ESPN's Summer X-Games leave for Austin after this weekend. Should Los Angeles be concerned?

X Games

Ben Bergman/KPCC

A skateboarder practices Wednesday for the 2013 Summer X Games at L.A. Live, which will be the last to be hosted by Los Angeles.

The Summer X-Games get underway Thursday in downtown Los Angeles. After more than a decade in Southern California, ESPN’s made-for-TV action sports bonanza is leaving after this weekend.

At L.A. Live, skateboarders have been honing their tricks on a series of ramps and railings, preparing to compete this weekend.

But even before these games start, the City of Los Angeles already lost to a smaller — some would say cooler and more youthful – competitor: Austin, Texas.

The city — best known for hosting South by Southwest and being on Kim Jong Un’s target list — will be home to the Summer X-Games for at least the next three years.

“It is young, and it is rapidly growing,” said Chris Stiepock, vice president of the X-Games. “I think one thing you can say is that we will be a little bit of a bigger fish in a little bit of a smaller pond.”

Stiepock says ESPN started looking at moving the games after AEG revealed its plans to build a football stadium next to L.A. Live.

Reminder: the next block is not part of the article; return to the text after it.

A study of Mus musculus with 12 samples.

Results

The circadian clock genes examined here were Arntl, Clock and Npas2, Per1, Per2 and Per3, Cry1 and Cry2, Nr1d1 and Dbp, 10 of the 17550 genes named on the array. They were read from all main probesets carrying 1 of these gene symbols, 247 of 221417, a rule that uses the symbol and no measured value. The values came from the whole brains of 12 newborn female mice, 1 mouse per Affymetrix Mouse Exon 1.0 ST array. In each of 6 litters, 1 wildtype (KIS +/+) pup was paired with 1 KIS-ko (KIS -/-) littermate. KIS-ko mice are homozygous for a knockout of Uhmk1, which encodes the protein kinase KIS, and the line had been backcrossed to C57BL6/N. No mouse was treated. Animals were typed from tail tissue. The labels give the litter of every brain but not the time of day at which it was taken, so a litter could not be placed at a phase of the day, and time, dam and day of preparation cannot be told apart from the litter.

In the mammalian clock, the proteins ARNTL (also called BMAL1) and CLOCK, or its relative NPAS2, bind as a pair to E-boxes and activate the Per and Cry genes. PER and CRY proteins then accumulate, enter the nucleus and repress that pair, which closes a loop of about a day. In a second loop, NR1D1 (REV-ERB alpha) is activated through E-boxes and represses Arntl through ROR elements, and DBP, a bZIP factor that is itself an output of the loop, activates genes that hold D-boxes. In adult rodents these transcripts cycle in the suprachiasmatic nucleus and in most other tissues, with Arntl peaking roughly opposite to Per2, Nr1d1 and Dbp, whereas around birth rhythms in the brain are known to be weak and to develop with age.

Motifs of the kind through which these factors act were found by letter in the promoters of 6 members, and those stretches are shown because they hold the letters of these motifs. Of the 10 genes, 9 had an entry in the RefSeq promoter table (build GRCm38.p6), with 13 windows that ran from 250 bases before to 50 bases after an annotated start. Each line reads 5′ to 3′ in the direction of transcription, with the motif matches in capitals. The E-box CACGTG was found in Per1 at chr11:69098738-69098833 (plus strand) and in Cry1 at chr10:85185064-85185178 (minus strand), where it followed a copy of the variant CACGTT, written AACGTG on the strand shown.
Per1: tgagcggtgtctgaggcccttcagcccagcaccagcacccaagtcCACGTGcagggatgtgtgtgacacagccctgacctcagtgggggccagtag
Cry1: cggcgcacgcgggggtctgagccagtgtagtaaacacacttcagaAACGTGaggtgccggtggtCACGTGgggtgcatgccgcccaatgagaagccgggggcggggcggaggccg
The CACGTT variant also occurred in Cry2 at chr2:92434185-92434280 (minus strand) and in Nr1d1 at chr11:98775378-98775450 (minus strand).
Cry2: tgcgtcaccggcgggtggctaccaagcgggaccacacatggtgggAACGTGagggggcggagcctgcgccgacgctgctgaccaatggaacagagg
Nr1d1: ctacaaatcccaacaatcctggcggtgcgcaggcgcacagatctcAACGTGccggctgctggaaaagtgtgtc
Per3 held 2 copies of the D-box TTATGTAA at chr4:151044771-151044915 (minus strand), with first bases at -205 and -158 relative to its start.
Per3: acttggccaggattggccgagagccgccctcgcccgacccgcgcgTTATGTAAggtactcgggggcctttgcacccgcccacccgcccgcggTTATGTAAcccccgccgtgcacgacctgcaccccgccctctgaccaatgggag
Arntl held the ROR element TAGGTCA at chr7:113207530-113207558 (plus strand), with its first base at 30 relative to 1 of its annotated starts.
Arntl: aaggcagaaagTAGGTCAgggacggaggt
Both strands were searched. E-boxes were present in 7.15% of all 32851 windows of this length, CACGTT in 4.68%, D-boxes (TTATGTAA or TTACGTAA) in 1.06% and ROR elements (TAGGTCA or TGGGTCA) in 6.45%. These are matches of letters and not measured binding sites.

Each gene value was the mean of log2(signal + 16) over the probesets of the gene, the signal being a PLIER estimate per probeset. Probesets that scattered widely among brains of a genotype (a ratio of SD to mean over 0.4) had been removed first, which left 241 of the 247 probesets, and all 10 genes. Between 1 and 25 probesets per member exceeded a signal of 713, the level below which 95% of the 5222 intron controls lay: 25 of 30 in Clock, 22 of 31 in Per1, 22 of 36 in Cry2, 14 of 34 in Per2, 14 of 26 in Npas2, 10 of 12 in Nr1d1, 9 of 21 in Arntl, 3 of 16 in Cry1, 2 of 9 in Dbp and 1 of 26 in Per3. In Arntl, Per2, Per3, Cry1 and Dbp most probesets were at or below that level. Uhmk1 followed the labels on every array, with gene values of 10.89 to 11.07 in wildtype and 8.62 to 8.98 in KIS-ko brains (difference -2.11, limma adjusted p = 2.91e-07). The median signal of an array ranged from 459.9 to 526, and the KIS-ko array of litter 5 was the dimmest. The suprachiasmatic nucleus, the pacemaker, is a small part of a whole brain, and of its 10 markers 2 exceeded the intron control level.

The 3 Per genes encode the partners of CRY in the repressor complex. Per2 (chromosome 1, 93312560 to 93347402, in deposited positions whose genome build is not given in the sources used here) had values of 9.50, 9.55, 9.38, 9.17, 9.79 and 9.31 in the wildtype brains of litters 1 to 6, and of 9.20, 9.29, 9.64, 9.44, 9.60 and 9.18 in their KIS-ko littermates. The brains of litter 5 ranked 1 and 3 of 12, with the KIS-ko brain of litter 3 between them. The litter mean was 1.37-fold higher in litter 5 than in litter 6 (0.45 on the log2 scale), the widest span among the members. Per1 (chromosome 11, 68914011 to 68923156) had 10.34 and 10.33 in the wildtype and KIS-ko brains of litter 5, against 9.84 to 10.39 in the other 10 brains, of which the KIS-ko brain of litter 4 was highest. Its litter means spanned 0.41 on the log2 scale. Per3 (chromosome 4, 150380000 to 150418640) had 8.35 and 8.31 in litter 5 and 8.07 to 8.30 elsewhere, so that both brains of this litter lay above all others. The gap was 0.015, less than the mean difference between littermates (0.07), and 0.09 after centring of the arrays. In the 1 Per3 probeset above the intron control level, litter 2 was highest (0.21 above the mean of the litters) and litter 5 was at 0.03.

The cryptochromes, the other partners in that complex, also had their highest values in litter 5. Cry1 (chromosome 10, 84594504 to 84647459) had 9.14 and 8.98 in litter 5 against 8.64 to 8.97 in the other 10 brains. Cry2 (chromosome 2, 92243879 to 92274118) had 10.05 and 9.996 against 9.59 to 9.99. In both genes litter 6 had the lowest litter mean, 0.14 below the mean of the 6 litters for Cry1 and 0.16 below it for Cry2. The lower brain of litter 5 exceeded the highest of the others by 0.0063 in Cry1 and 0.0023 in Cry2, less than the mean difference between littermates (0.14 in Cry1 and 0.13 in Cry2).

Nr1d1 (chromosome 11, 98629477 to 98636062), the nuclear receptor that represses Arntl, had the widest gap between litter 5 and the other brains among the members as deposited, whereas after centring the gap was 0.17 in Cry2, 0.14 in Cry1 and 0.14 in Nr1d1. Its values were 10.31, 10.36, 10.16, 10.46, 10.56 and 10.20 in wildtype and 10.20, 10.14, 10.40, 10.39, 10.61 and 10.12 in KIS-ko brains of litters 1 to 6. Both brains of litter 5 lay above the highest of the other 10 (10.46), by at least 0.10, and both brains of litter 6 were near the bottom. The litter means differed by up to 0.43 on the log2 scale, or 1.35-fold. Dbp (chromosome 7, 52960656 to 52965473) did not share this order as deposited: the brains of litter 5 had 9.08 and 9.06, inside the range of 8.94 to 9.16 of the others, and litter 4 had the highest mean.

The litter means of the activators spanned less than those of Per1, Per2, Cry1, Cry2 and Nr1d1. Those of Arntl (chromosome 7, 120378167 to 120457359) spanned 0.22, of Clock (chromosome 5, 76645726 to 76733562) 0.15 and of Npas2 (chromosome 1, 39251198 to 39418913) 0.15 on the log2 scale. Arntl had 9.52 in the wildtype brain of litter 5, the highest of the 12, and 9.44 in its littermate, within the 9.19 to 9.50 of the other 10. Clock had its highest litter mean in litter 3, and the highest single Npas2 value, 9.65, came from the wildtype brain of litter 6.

ESPN was concerned that the massive construction project would interfere with the X-Games, so they opened up an Olympic-style bidding process that narrowed a field of 15 cities down to four finalists: Detroit, Chicago, Charlotte and Austin.

Stiepock says L.A. never made a serious effort to keep the games. (AEG executives have said it made sense for the X-Games to leave now, and they’re hopeful the games will return.)

“Ultimately to be competitive they would have had to engage the mayor’s office, the city government, the state of California, the tourism board, etc, etc,” said Stiepock.

Should L.A. have put up more of a fight?

From a purely financial prospective, the answer seems to be: Maybe.

Economist Roy Weinstein, managing director at Micronomics, studied the economic impact of the 2010 X-Games, which he found benefited the city to the tune of about $30 million dollars, with an additional $20 million generated from exposure on ESPN.

“That’s clearly significant, but it’s not as great as the incremental impact of some of these other events like the Emmys or the Grammys or the All-Star game that the NBA played here a couple years ago,” said Weinstein.

The economist recently studied the potential impact of the upcoming 2015 Special Olympics on the L.A. economy. He found that event could generate more than $400 million in economic activity – eight times as much as the X-Games.

He says the X-Games impact is relatively minimal because only about a quarter of those in the stands are from out of town.

“It’s not so much people coming in from across the country to watch the X-Games as it is people from the surrounding area,” said Epstein.

That means less money spent on hotels, and whatever dollars locals do plunk down at or around the X-Games they would probably spend anyway on something else that would contribute to L.A.’s economy.